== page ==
CHARLESTON W.Va. – Every year, young wildlife are picked up by people with good intentions who believe the animals have been abandoned.
According to the West Virginia Division of Natural Resources, the best of intentions often lead to bad results.
When people pick up young animals, instead of leaving them where they were found, the animals usually end up captive, away from their environment, and subject to disease, improper feeding, and even death.
DNR advises people to leave young wildlife alone.
It needs to be stressed, the naturalists say, that although young wildlife looks cute because of size and appearance, these animal babies should always be treated as a wild animal.
Still wild animals.
Young wild animals will exhibit unpredictable behavior when confronted with human contact. This behavior can sometimes have disastrous consequences both to humans and to the animal. Young wildlife can also carry diseases that are not easily recognized by people who might pick up them up.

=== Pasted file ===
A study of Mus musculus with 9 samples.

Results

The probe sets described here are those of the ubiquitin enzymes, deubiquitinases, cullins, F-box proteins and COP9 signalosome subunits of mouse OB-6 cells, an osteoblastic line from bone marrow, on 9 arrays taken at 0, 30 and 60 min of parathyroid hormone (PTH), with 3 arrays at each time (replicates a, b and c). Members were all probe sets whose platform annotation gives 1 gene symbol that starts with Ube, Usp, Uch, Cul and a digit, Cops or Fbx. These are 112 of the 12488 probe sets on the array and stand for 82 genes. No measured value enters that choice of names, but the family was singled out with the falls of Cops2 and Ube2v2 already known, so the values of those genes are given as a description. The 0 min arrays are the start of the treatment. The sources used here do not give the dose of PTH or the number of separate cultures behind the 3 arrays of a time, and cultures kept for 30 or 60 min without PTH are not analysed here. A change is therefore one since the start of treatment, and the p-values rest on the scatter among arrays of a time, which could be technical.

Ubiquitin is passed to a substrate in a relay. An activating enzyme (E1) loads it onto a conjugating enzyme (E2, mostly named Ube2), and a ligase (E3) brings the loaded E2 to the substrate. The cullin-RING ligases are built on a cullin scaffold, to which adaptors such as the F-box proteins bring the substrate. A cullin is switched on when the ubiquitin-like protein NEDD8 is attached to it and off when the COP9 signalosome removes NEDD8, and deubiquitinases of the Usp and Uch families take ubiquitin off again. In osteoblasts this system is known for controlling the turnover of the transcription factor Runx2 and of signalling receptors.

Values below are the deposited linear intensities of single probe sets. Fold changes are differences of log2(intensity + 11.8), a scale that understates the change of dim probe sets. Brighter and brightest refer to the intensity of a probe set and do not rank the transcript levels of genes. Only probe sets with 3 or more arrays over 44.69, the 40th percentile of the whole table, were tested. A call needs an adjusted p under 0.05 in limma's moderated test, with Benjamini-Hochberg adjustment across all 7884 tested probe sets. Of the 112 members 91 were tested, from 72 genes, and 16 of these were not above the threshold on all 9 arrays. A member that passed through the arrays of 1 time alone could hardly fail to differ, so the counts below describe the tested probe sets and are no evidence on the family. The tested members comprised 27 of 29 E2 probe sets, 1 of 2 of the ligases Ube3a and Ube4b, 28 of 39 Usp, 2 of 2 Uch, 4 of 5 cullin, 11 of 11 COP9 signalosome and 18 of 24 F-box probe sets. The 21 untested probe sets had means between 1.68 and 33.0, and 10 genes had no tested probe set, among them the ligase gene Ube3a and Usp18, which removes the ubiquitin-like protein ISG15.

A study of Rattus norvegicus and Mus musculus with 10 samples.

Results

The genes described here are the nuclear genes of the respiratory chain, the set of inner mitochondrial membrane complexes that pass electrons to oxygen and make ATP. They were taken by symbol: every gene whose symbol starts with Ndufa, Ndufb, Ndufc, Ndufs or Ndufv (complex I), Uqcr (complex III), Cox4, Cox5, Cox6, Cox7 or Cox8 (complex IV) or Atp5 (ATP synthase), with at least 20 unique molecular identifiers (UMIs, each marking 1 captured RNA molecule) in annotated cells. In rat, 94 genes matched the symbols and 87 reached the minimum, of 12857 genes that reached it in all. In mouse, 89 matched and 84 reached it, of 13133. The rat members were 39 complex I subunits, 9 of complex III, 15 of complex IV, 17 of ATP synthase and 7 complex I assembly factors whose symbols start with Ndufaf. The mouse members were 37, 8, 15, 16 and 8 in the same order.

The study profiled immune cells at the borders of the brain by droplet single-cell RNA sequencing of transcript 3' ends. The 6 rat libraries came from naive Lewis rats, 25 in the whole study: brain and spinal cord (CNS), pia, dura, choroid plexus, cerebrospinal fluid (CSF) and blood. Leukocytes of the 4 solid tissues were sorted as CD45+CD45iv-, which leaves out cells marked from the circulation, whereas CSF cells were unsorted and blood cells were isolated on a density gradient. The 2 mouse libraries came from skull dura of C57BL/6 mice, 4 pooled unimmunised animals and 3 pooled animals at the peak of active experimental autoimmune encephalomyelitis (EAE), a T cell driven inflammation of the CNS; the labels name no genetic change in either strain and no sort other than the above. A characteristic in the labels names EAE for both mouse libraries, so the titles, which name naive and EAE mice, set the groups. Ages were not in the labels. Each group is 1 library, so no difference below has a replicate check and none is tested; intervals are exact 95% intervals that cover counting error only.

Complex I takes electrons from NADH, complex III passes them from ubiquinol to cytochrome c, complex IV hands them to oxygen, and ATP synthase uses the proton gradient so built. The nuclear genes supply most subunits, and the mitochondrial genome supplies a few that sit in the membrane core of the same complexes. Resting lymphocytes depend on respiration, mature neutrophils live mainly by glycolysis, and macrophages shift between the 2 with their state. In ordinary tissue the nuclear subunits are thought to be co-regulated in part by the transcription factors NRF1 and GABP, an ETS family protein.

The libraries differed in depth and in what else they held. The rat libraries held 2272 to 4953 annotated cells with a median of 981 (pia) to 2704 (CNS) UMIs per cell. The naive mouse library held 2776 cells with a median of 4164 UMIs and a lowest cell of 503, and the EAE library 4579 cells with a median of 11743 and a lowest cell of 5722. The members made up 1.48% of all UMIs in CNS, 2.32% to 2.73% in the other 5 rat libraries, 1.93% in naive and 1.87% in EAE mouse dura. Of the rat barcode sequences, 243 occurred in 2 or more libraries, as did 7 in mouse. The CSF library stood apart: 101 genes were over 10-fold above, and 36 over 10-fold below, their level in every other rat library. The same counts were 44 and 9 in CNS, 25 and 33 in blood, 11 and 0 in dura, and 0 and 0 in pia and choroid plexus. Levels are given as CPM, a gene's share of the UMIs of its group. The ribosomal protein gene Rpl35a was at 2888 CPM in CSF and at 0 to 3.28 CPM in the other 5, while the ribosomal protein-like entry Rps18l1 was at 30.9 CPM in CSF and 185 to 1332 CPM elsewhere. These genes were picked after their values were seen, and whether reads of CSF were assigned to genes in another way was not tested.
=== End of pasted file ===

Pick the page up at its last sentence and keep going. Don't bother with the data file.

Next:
If you see an animal that acts strangely or unnatural, it is advisable not handle it, but to report it to a wildlife biologist or conservation officer, stating the type of animal, the action you have taken, and where the animal is located.
People come across young wildlife ranging from birds fallen from nests to young fawns lying hidden in a field. DNR stresses that just because you see young wildlife in the same place for several hours or even longer, does not mean the animal has been abandoned by the parent. There could be any number of reasons why the animal is where it is found.
Adult wildlife will not abandon their young, and, except in extreme circumstances, will always return to an area where its young were left. If by chance you find a young animal or other wildlife that you feel has been abandoned or injured, you should not try to move it, except for a short distance away from imminent danger such as vehicles or dogs. Then, leave it alone.
If the animal is still there after 24 hours call a conservation officer or wildlife biologist.
“State law and regulations prohibit a person to possess or keep wild animals without a permit” said Col. James D. Fields, chief of the DNR law enforcement section. “To obtain a permit, the animal must have been taken during the legal open season for that animal or purchased from a licensed dealer. Fines for illegal possession of fawn deer, black bear cub, baby raccoon, squirrel, or any other species of wildlife taken or possessed during the closed season range from $20 up to a maximum of $1,000, and up to 100 days in jail.